The logjam of patients who cannot be seen expeditiously at hospitals is becoming an entrenched problem with no imminent solutions, a CMS leader said this week.
“The data tells us healthcare services, particularly for the Medicare population, have not come back to pre-pandemic levels,” said Jonathan Blum, principal deputy administrator and COO with CMS. “We’re not sure why.”
But the agency’s leaders have a theory, and it ties into the capacity and workforce issues that have affected the industry over the last couple of years, Blum added during a featured panel session at the HIMSS Global Health Conference and Exhibition in Chicago.
“When we go to healthcare facilities for firsthand visits, what we see is ER rooms that are backed up,” he said. “We hear stories that care providers can’t find space, particularly for children or those who have more severe conditions. And what they say is they just don’t have the beds open. They can’t find workers.”
The challenge affects nonelective services as well as elective procedures, Blum said, and it spans all types of geographic areas.
“This workforce shortage will take us many years to fully come back from,” he said.
A murky crystal ball
A perplexing aspect of the continuing lag in volumes is the lack of an evident pattern in case-mix changes. There isn’t an apparent increase in the complexity of care, Blum said, nor have quality metrics been noticeably impacted.
“The picture of how service use will change in the next six months, 12 months, 24 months, that’s a picture that we can’t see very well,” he said.
What’s clear is that providers “have seen a really structural, significant change in their operations and their financing,” said Dawn Samaris, managing director for strategic and financial planning at Kaufman Hall. Expenses have gone up “by 20, 25%” amid workforce shortages, while revenues have been stymied by the shuttering of services “as well as, quite frankly, new entrants into the healthcare space.”
Borrowing by not-for-profit healthcare providers this year is about 20% of normal, she noted, leading to questions such as, “Are they making the investments in the infrastructure and what their communities need to be able to deliver the types of care they want to [deliver] long-term?”
As with operations, the prospect of a quick financial turnaround is dicey.
“I think it’s going to be a tough road for hospitals for some time to come,” Samaris said. “We are having more difficult conversations today than I think we’ve ever had of really people looking at their income statement, their balance sheet, saying, ‘What is the path forward?’”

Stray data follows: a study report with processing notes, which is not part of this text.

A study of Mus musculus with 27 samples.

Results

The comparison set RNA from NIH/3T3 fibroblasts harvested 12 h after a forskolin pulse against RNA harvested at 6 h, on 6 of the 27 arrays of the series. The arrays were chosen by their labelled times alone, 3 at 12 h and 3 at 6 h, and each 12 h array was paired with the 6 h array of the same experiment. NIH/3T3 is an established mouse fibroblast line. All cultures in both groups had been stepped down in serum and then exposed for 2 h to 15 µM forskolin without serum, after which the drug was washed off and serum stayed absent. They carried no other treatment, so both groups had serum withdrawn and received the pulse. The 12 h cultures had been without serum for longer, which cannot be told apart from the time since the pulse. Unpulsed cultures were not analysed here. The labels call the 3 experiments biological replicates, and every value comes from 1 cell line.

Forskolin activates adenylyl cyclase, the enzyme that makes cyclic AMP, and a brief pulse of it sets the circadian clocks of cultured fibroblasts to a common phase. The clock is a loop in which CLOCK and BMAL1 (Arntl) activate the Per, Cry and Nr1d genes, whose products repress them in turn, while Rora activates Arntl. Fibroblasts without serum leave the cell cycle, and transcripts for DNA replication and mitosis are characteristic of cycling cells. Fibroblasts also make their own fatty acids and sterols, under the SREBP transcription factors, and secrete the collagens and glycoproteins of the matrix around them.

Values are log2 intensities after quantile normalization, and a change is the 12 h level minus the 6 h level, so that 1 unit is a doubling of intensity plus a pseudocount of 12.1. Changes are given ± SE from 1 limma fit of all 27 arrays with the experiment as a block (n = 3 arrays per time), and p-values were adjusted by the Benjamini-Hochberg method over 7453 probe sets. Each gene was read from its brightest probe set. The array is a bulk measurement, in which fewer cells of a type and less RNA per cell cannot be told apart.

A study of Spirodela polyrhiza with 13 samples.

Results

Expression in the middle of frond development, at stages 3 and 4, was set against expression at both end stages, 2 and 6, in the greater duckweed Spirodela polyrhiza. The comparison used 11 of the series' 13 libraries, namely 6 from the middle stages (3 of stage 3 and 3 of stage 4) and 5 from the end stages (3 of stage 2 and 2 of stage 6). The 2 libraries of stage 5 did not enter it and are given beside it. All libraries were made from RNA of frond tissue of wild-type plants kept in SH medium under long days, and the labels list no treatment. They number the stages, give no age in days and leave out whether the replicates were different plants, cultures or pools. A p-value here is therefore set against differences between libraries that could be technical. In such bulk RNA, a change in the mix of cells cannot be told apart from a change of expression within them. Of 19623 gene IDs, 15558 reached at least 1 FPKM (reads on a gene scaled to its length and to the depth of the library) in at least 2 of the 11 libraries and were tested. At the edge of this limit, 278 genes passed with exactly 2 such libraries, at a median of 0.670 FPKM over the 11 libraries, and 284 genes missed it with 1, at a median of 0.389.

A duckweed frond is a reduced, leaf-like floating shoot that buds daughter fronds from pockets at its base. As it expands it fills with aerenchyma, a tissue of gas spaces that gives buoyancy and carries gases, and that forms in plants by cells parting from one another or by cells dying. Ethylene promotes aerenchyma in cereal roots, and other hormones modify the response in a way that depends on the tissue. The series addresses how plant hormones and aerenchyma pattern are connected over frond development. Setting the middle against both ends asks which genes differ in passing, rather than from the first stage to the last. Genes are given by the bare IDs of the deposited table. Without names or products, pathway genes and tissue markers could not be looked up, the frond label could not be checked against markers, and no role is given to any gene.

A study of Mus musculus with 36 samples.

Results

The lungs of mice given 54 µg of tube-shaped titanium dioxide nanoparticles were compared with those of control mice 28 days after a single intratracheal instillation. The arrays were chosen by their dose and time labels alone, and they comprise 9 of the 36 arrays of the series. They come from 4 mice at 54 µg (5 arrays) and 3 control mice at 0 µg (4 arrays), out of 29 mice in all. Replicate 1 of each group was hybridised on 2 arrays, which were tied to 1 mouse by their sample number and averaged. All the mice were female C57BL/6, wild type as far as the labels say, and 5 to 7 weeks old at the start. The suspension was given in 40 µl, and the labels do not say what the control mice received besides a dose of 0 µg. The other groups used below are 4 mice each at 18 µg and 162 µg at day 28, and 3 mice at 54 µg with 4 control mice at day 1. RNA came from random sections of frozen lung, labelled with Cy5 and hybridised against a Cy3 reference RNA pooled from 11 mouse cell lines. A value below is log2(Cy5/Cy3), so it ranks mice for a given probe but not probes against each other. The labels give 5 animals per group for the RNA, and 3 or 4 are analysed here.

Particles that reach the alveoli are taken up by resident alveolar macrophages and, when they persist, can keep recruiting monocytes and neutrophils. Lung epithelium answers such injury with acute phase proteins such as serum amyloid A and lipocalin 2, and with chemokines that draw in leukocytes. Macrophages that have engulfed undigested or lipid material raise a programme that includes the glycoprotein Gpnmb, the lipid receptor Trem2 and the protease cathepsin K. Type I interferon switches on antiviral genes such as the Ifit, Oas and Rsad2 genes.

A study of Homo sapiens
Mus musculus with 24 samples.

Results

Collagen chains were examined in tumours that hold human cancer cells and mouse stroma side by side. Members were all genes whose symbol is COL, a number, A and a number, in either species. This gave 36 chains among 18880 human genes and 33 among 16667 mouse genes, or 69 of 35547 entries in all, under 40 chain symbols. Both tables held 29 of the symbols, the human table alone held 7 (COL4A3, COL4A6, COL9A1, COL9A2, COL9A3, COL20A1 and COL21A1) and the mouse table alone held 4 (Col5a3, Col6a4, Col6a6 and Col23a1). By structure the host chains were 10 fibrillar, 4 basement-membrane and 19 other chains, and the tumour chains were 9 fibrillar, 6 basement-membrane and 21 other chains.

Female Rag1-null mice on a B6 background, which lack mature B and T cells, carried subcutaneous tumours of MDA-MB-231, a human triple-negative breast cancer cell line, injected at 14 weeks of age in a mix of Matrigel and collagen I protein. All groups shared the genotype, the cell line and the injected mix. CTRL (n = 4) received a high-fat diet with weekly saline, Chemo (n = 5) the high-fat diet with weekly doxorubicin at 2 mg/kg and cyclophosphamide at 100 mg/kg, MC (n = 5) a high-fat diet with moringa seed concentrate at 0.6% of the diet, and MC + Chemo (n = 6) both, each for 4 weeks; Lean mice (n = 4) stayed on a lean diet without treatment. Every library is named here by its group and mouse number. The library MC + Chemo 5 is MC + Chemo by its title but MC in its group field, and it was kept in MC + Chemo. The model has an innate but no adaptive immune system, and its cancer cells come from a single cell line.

“Healthcare is typically thought to be a little bit recession-proof,” said Paula Chatterjee, assistant professor of medicine at the University of Pennsylvania. “The fact that we’re seeing different patterns now begs a couple of questions. One is: Are hospitals and health systems now capitalizing on revenue streams that are recession-sensitive? And what does that mean?”
Adapting to a new reality
As the U.S. population ages, Blum said, providers should prepare for a payment environment in which their average all-payer rate increasingly resembles the Medicare rate. Such a trend would constitute a significant reduction in revenue, with a January 2022 report by the Congressional Budget Office finding that commercial payers reimbursed hospitals at 182% of the Medicare rate for inpatient services and 240% for outpatient services.
“Systems need to think through how they design care” for such a scenario, he said. “That’s going to require a different workforce, that’s going to require different workflows, that’s going to require a fundamental design change from how we deliver care today. That should be a very strong price signal that system design, care design, value-based care [modeling] needs to really plan for that future.”
Given the present and future fiscal realities, Samaris said, not-for-profit hospitals may have to come to terms with being unable to cover the full gamut of a community’s care needs.
“I think that’s no longer financially sustainable,” she said. Organizations should be “really looking hard at: What can we maintain within our portfolio? What do we truly differentiate ourselves at? And where can either my competitors or partners in the community do it better and for a lower cost than I can, and I can deploy my own resources elsewhere?”